When most people think of synthesizers they think of all-in-one instruments that are programmed by pushing buttons, turning knobs, or pushing sliders. However, that is not the way it all began. The first synthesizers were modular, in that they were a group of modules that each performed a separate function. For example, one module, called an oscillator, produced a waveform (sawtooth, sine, pulse, etc...) and another, the amplifier, modified the amplitude (volume) of the waveform. Each of these two modules had inputs for control voltage (CV). For the oscillator, the higher the control voltage, the higher the frequency of the wave. For the amplifier, the higher the control voltage, the larger the amplitude of the waveform was, and therefor the volume of the sound. These modules can be patched together in an almost infinite number of ways, making sound far more complex than today's synthesizers can even dream of making.
Between the years 1967 and 1981, Moog Music was designing, improving upon, and selling modules for their modular synthesizers. Although each modular system was available custom configured, there were many stock design models of the Moog modular synthesizer. Models included: 3C, 2C, 1C, 3P, 2P, 1P, 10, 12, 15, 55, 35, and C.E.M.S. (Co-ordinated Electronic Music Studio).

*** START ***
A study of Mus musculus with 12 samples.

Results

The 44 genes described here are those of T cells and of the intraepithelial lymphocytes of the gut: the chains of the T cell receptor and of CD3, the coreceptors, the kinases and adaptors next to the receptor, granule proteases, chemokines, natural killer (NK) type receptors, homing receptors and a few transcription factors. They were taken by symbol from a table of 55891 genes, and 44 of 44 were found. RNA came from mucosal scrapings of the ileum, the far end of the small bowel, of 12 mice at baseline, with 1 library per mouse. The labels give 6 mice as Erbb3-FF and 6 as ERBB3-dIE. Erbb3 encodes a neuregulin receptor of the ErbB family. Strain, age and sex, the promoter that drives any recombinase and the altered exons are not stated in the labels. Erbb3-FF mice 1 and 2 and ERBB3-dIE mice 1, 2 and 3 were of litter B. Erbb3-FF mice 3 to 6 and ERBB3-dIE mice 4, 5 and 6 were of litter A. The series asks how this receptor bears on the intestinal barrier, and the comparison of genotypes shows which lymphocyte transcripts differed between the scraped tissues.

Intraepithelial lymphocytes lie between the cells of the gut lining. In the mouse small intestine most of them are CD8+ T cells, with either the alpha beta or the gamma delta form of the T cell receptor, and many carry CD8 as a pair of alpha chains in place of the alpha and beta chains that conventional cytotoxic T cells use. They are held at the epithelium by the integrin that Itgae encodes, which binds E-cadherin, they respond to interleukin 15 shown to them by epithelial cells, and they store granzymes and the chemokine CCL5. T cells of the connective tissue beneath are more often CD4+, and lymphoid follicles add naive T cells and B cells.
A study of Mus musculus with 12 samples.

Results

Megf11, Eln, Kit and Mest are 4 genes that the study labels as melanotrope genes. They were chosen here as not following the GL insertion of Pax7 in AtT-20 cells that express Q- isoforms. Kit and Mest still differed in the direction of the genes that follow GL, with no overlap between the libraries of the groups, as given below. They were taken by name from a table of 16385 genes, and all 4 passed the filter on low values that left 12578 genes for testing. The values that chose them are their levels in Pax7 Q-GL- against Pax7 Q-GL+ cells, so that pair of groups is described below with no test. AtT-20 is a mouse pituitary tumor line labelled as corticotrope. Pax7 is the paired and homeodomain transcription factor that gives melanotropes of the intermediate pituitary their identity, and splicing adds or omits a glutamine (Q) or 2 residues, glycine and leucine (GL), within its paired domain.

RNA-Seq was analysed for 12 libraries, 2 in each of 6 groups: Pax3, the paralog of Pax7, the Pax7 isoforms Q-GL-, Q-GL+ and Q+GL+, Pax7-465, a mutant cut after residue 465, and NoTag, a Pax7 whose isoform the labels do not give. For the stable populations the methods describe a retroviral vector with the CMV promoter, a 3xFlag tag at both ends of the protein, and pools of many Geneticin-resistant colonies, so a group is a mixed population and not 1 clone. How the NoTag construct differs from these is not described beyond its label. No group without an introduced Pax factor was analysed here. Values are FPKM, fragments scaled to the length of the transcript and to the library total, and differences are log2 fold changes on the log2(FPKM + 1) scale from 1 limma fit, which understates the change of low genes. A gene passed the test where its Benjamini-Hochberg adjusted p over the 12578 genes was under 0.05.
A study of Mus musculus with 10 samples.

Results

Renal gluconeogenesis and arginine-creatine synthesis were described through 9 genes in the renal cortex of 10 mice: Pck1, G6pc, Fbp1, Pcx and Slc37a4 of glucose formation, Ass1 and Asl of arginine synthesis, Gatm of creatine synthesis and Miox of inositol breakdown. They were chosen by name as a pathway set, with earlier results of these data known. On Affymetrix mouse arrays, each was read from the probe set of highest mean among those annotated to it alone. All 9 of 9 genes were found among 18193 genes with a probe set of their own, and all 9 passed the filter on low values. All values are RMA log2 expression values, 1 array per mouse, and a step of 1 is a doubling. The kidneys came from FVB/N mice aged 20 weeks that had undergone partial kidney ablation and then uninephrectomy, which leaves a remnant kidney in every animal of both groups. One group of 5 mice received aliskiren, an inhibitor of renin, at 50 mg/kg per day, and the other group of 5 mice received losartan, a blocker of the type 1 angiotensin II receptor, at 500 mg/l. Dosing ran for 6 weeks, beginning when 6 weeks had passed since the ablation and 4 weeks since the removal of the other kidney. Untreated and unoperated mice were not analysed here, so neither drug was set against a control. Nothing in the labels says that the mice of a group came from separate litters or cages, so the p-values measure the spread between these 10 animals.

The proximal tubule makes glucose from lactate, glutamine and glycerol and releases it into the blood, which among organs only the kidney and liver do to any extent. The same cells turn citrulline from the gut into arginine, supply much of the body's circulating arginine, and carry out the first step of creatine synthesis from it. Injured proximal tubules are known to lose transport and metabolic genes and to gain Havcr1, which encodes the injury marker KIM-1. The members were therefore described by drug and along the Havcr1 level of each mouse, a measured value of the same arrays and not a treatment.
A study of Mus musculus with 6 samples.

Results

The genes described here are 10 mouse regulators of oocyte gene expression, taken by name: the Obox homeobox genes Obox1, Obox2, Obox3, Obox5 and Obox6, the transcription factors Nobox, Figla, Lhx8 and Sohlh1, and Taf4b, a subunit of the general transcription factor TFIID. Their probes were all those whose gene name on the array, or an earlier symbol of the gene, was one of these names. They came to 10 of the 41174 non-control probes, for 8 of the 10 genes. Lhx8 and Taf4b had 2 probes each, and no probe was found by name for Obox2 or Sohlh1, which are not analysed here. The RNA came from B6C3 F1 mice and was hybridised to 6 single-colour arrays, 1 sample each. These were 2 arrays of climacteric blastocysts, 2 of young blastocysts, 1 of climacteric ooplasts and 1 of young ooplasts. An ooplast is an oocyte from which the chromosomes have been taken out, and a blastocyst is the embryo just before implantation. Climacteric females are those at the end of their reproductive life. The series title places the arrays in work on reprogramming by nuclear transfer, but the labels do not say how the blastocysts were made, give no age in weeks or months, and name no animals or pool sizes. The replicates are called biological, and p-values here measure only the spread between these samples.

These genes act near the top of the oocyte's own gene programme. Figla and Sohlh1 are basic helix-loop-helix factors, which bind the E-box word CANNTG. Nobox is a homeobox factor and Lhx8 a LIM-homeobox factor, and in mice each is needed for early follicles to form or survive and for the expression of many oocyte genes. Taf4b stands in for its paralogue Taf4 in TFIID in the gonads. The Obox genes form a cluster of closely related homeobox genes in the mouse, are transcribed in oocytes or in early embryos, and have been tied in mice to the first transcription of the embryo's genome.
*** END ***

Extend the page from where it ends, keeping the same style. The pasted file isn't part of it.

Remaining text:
Chick Churchillen Years After,
Comfortable Chair (John Densmore's
Nik Condron at Streetnoise Synthesizer Studios,
Dennis DeYoung from Styx - a Moog 10 modular,
Electric Lady Studio (1C),
Keith Emerson - played a 3C live with extra modules including a TV monitor, Progammer modules, custom sample-and-hold, some working some for show with pre-sets,
Florian Fricke of Popol Vuh,
Greg Guiffria from the 70's rock band ANGEL,
Mick Jagger (in 'Performance' on-screen)
Lothar and the Hand People,
Tonto's Expanding Head Band(T.O.N.T.O.- "The Original New Timbral Orchestra" is a drastically expanding Series 3),
Stevie Wonder - on the album "Talking Book": "Stevie Wonder plays the Arp and Moog synthesizers"
Yellow Magic Orchestra/Hideki Matsutahe
Jan Hammer (with remote keyboard),
University of Massachusetts,
Alan Wilder of Depeche Mode,
[Let us know if you have any further additions to this list.]